I first heard of Yestermorrow Design/Build School via Karrie Jacobs’ The Perfect $100,000 House.* It sounded so great to me, then I forgot all about it until I saw it mentioned in Metropolis recently. I used to know how to draft but I’ve always sucked in woodshop and I sure don’t know how to build – it sounds like a great experience – a diverse group hanging out at summer design/build camp in Vermont. During the courses, students learn all about creating their own space, how to render it as an architect would, and partake in building projects at the same time. There are 1-3 day workshops, 1 week courses, and 2 week courses. If you’ve ever dreamed about architecture or building and didn’t know where to start, this is a great place to dip in a toe before you take the plunge.*
Here’s their philosophy:
Yestermorrow’s courses are specifically designed to demystify the designing and building processes using hands-on, experiential learning to teach students the art and wisdom of good design and the skill and savvy of enduring craftsmanship as a single, integrated process.
This creative process offers students unique insight into the oftentimes disparate worlds of the architect and the builder. Architects are routinely trained without any building experience that might inform their designs, and builders are trained to execute without a sense of the overarching purpose or design of the project.
Combining design and building offers numerous advantages and promotes the creation of intentional and inspired buildings and communities that enhance our world. From the professional design/builder to the do-it-yourself design/build homeowner, every designer should know how to build and every builder should know how to design. This philosophy sets Yestermorrow apart from other educational institutions.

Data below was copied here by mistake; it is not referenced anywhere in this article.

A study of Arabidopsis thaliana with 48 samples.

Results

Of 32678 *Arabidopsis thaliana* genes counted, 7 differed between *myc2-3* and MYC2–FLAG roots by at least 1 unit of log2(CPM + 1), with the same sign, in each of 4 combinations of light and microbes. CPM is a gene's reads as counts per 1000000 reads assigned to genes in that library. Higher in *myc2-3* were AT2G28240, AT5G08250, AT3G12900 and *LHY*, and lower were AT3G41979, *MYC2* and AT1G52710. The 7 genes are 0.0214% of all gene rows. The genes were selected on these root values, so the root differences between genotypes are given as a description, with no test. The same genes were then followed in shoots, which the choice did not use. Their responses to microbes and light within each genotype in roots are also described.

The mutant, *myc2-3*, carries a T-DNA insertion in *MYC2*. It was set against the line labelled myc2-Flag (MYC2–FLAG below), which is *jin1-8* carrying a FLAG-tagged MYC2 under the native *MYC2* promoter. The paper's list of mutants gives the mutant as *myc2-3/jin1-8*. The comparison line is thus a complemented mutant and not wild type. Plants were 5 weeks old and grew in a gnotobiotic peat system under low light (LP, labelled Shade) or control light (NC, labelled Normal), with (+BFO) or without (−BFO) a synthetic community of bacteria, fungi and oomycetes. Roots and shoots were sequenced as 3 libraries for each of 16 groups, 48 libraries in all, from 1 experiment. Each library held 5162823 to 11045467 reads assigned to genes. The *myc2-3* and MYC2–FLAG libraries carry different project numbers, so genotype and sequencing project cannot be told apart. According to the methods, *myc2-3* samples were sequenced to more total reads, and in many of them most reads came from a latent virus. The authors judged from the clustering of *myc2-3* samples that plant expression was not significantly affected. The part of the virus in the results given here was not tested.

Something about their vibe reminds me of Sambo’s Rural Studio, probably because most of their built works benefit communities.
* I really enjoyed Jacobs’ book when I read it, it was a quest for a place to call home set in that American On the Road kind of format, which is ironic, but it works. I found myself longing for a few things: 1) PHOTOGRAPHS of the places she visited. The few sketches in the book were charming, but an architecture critic, no matter how good her written descriptions are, should know that her readers are thirsty for images 2) For Jacobs to repeat her journey in 2008. Prefab architecture has become much more prevalent and costs have gone way down in the few years since she started her research. At the time she wrote the book, she was on the cutting edge of the current prefab movement. 3) For Jacobs to actually (SPOILER ALERT!) find the perfect $100,000 house and freaking buy it/build it and live in it already! Maybe it was the Keroac-ian love of the road that kept her from putting down roots.
Another note: After reading about her Yestermorrow experience, I was pretty shocked that someone who was such a well known architecture critic (NYTimes, Dwell, H&G…she rocks) didn’t even know how to draft or how to begin designing a space. With so many precedents in her brain to find inspiration from, she really didn’t even know where to begin. I know that’s the norm, that art critics aren’t Picasso, or music critics Stevie Wonder, but it still surprised me. On the flip side, a lot of architects can’t write or critique worth a damn and they seem completely unaware of this as they wax unpoetically in a bunch of archi-speak mumbo-jumbo. Anyway, then it hit me that the architecture critic knows how to EXPERIENCE and APPRECIATE the space, and that is what counts. Just sharing my catharsis with you – sometimes I’m a little slow to understand these things!
all photos from yestermorrow.org.
Hi, I'm Becky. I live in Atlanta. Besides acting as the Editorial Director here on Hatch, you can find me talking design over at Houzz. Make me happy — leave a comment!